Matt was a longtime Gibson’s customer prior to becoming a staff member. He enjoys contemporary classics the most but has an affinity for crime novels and essays as well. Matthew’s favorite books include: Ishmael by Daniel Quinn, A Heartbreaking Work of Staggering Genius by Dave Eggers, and The Echo Maker by Richard Powers.
Matt's July 2022 pick, 2 of 2
Now, this book is probably not for the philosophy scholar, but it is a wonderful guide for someone who is just trying their best. Michael Schur is a comedy writer for television (best known for The Office, Parks and Recreation, and The Good Place) who happens to have a passion for moral philosophy. In How to Be Perfect Schur effortlessly explains weighty philosophies with amusing anecdotes and funny thought experiments. But what makes this book stick out to me is how Schur applies a wide range of philosophies to problems that occur in our everyday life. He compares how Kant and Thich Nhat Hanh would handle returning a shopping cart to the grocery store and how Aristotle would handle cancel culture. Ultimately, How to Be Perfect, isn't a key to becoming a good person (as the ironic title suggests) but is a lesson on how to think like a good person who is trying to do their best.
P.S. I'd strongly recommend listening to the audio book of How to Be Perfect on Libro.fm because it features the cast of The Good Place.
Matt's July 2022 pick, 1 of 2
The Corrections is often described as a family drama, a social critique, and it is near impossible to find a review where it isn't compared to the likes of another author (Michiko Kakutani's 2001 review of the novel contains three comparative name drops in the first paragraph). Reviewers are usually keen to note the harsh satire and gripping drama in the novel, but seem to miss the touching humanity that, I think, makes the novel so special.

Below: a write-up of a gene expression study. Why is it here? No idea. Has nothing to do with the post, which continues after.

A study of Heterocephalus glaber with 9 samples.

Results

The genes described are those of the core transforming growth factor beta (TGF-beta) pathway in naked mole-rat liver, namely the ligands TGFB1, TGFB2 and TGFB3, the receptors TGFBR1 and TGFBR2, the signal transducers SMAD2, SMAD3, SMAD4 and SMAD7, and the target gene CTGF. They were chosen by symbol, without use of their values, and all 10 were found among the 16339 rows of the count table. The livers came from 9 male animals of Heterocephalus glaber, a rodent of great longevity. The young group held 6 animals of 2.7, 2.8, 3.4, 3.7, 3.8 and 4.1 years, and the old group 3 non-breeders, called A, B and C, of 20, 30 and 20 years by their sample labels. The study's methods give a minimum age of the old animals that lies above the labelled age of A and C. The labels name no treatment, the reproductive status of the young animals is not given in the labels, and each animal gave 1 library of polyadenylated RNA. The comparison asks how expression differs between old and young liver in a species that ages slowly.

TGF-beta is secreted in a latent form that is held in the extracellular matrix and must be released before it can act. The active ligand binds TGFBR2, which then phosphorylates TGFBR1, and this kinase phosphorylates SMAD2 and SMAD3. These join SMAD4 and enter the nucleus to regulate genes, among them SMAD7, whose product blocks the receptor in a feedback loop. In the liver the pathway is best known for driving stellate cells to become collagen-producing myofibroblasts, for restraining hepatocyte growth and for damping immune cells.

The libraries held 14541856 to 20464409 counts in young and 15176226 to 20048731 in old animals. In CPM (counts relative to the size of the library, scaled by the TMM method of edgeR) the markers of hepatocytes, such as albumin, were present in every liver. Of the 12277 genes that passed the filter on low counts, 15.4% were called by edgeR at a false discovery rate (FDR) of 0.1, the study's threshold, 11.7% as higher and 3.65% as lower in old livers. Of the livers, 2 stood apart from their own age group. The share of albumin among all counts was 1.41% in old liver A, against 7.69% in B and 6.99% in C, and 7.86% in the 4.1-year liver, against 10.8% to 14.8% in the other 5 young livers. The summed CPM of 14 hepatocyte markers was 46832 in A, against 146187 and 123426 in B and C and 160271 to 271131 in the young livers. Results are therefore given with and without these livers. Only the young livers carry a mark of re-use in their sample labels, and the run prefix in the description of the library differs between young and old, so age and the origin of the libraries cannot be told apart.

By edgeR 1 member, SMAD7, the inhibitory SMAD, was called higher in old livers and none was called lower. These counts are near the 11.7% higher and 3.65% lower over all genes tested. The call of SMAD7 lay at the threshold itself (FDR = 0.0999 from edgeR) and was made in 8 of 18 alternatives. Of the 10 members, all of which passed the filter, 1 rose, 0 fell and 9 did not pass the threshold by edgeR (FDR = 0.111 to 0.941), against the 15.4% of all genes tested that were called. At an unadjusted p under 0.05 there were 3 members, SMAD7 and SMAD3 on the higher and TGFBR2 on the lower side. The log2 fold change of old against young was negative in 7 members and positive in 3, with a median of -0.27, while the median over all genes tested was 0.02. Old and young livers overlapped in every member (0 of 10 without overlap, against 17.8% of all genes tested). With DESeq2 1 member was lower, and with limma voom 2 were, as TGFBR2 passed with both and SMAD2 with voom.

I have only read a few novels that are as personal or intimate as The Corrections. Franzen's characters are riddled with flaws, but ripe with emotion. The Lamberts, the family at the center of the novel, are a motley crew. At the turn of the century, Alfred, the patriarch, is suffering from Parkinson's disease and his wife Enid, seeing that his time left is limited, wants all of her children home for one last Christmas. Their children, meanwhile, have fled their family home in the Midwest for the East Coast. The conflicts and events that bring the grown up Lamberts back to their childhood home is gripping, awkward, and most of all familiar. It's very easy to see reflections of yourself in any of the characters and just as easy to imagine yourself making the same mistakes as them.
Matt's March 2022 pick
I don't think I have loved a book as much as I love To Paradise. To Paradise is a novel made up of three books that couldn't be any less related. The first is set in an alternate version of 1893 America, the second is set in Manhatten (as it is) in 1993, and the third is set in a dystopic 2093. However, the same cast of characters appears in each of the books. The same relationships are formed and the same themes travel across the different narratives, and it is nothing short of phenomenal. There is so much love, passion, and tension between all of the characters and every moment of this novel is gripping and heartbreaking. Here is a quote from the novel that will demonstrate what I mean, "After a while, some part of me realized that the broker had stopped taking notes, that the room was quiet except for my voice, and yet still I talked, even though it felt with every senstence like I was ripping my heart from my chest and then replacing it, again and again -- that terrible, awful pain, that overwhelming joy and sorrow I felt whenever I spoke about Charlie."
After I finished To Paradise I cried. I cried for many reasons, the characters, the worlds in the novels, etc... but mostly I cried because I had finished an astonishingly beautiful book. To Paradise will have a special place in my heart for a very long time.
Matt's February 2022 pick
This is not a conventional work of fiction. It’s not really a novel at all. There is hardly a narrative, and each chapter is its own story. It is probably best described as a collection of anecdotes or allegories all about motion and the human body. Each chapter left me amazed by Tokarczuk’s ability to create such memorable, complex characters in so few words. Flights is a beautifully philosophical book that I plan on rereading many times in the future.